Tuesday, 28 April 2009

Below the radar

By Joanna Chataway, Innogen Co-Director

There was an interesting article recently in The Economist entitled 'Lessons from a Frugal Innovator' (16.04.09). The basic argument is that in the healthcare sector, Indian companies are responding with new products and efficient delivery systems to cost conscious national consumers. In some cases this is leading to superior treatment than can be found in the inefficient West.

This relates to arguments put forward in a new Innogen working paper, 'Below the Radar: What does innovation in the Asian Driver Economies have to offer other low income countries?' In that working paper we suggest that needs of poor consumers in low income contexts might constitute 'disruptive markets' which could in the end have radical implications for innovation trajectories. Our argument is that the needs of these consumers are often missed entirely by companies based in the West (thus below the radar...) and in any case the business models these companies use are inappropriate for addressing the needs of this type of consumer and user. Companies in India and China may be able to respond to poor peoples' needs more effectively and set in motion widespread change in the rate and direction of innovation in different economic sectors.

We would welcome feedback and thoughts.

Something to feel good about

By Joanna Chataway, Innogen Co-Director

I don’t know how significant this is but on the face of it the University of Edinburgh should feel proud of itself this week. The University, under pressure from students, has said it will not license its science and technology to pharmaceutical companies that won’t sell their drugs at cost price to developing countries. Edinburgh is the first university to implement such a scheme. A longer article appears in the Observer (26 April 09).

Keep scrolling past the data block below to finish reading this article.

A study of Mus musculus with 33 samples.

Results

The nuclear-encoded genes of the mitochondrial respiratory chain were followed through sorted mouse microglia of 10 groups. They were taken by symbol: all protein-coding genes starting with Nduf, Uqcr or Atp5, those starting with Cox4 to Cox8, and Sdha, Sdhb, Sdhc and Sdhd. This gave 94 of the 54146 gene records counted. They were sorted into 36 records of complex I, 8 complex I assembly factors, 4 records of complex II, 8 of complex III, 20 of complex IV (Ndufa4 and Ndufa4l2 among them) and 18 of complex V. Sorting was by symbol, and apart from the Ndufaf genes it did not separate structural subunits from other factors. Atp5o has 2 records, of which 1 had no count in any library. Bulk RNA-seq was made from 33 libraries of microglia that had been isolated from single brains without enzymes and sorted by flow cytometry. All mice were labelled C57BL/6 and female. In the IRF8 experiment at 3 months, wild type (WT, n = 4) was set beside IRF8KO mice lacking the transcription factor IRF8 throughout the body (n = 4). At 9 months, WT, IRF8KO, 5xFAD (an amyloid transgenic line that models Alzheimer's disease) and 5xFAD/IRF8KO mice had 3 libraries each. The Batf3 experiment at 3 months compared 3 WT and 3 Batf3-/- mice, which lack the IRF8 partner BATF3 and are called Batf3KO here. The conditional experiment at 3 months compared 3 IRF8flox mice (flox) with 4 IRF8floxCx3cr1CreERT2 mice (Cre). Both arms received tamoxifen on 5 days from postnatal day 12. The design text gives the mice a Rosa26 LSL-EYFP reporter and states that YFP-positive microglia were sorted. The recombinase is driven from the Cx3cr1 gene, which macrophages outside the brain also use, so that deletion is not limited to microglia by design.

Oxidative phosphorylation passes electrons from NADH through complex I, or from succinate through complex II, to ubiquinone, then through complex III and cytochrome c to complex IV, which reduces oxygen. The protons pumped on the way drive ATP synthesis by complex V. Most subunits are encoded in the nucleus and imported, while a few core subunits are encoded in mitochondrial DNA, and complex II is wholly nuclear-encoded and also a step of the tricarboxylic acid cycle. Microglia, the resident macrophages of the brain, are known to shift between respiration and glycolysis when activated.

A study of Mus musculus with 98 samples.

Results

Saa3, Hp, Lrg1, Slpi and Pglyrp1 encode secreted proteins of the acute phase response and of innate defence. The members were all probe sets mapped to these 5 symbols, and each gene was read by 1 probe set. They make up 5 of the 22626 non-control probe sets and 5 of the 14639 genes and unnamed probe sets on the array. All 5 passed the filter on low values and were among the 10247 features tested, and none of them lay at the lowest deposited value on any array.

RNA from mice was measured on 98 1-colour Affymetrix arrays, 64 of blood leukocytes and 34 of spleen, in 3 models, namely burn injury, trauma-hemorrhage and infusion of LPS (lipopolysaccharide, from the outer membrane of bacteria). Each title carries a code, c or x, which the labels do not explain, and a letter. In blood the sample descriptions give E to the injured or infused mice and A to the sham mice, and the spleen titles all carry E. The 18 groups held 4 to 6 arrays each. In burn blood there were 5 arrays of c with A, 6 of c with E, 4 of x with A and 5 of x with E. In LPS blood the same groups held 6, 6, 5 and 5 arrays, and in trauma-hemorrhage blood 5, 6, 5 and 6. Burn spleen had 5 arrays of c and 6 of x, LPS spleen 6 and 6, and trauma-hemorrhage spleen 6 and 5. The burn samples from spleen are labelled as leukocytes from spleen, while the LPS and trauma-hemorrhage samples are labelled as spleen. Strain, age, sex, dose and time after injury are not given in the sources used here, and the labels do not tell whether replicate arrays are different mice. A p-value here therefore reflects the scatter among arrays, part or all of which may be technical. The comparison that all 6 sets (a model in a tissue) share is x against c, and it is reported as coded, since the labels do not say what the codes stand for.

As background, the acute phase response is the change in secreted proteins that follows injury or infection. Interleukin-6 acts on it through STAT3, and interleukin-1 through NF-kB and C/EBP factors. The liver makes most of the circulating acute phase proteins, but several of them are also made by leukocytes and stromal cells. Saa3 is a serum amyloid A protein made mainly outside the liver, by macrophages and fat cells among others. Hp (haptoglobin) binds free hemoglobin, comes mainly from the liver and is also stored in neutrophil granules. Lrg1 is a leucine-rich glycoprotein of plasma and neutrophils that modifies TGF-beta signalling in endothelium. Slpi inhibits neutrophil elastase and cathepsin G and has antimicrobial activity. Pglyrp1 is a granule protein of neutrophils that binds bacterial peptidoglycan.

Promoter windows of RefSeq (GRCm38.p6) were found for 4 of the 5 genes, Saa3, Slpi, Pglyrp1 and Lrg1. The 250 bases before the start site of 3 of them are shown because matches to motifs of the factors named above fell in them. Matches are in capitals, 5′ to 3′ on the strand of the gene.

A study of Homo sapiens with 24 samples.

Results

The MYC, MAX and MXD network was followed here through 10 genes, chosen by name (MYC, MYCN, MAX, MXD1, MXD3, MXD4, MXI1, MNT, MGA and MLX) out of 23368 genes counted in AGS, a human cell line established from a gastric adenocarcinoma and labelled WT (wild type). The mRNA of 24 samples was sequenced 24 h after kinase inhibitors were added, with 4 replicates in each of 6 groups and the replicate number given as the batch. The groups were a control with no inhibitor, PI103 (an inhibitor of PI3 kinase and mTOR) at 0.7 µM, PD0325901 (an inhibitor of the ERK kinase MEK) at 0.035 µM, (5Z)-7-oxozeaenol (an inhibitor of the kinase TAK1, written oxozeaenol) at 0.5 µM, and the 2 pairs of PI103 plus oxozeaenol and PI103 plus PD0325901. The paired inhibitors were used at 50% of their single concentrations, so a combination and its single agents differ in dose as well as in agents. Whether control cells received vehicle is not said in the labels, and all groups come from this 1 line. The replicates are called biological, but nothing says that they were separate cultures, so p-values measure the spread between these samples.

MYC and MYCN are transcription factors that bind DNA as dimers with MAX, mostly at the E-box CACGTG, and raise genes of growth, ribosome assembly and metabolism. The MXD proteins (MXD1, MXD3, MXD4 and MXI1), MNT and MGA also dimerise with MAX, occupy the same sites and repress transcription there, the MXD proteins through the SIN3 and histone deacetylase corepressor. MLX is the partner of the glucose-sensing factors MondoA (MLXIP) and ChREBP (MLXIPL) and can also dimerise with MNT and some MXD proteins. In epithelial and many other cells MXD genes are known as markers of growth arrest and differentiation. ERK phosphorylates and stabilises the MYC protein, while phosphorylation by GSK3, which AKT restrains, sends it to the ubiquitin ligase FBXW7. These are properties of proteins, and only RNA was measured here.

The potential significance of this scheme is that other universities and public sector bodies might follow. With more and more patents owned by the public sector this might have quite an impact on availability of drugs in poor countries. I guess one could argue that this might be gesture politics but it will amount to more than that and anyway that in itself does not make this unimportant. Real change in making affordable drugs available to poor people in developing countries may depend on multiple factors (see Innogen’s OECD report on Health Biotechnology to 2030 for an idea of some the issues) but schemes like the one just announced by the University of Edinburgh are vital in signalling that the current situation whereby people die in their millions of totally preventable diseases must end.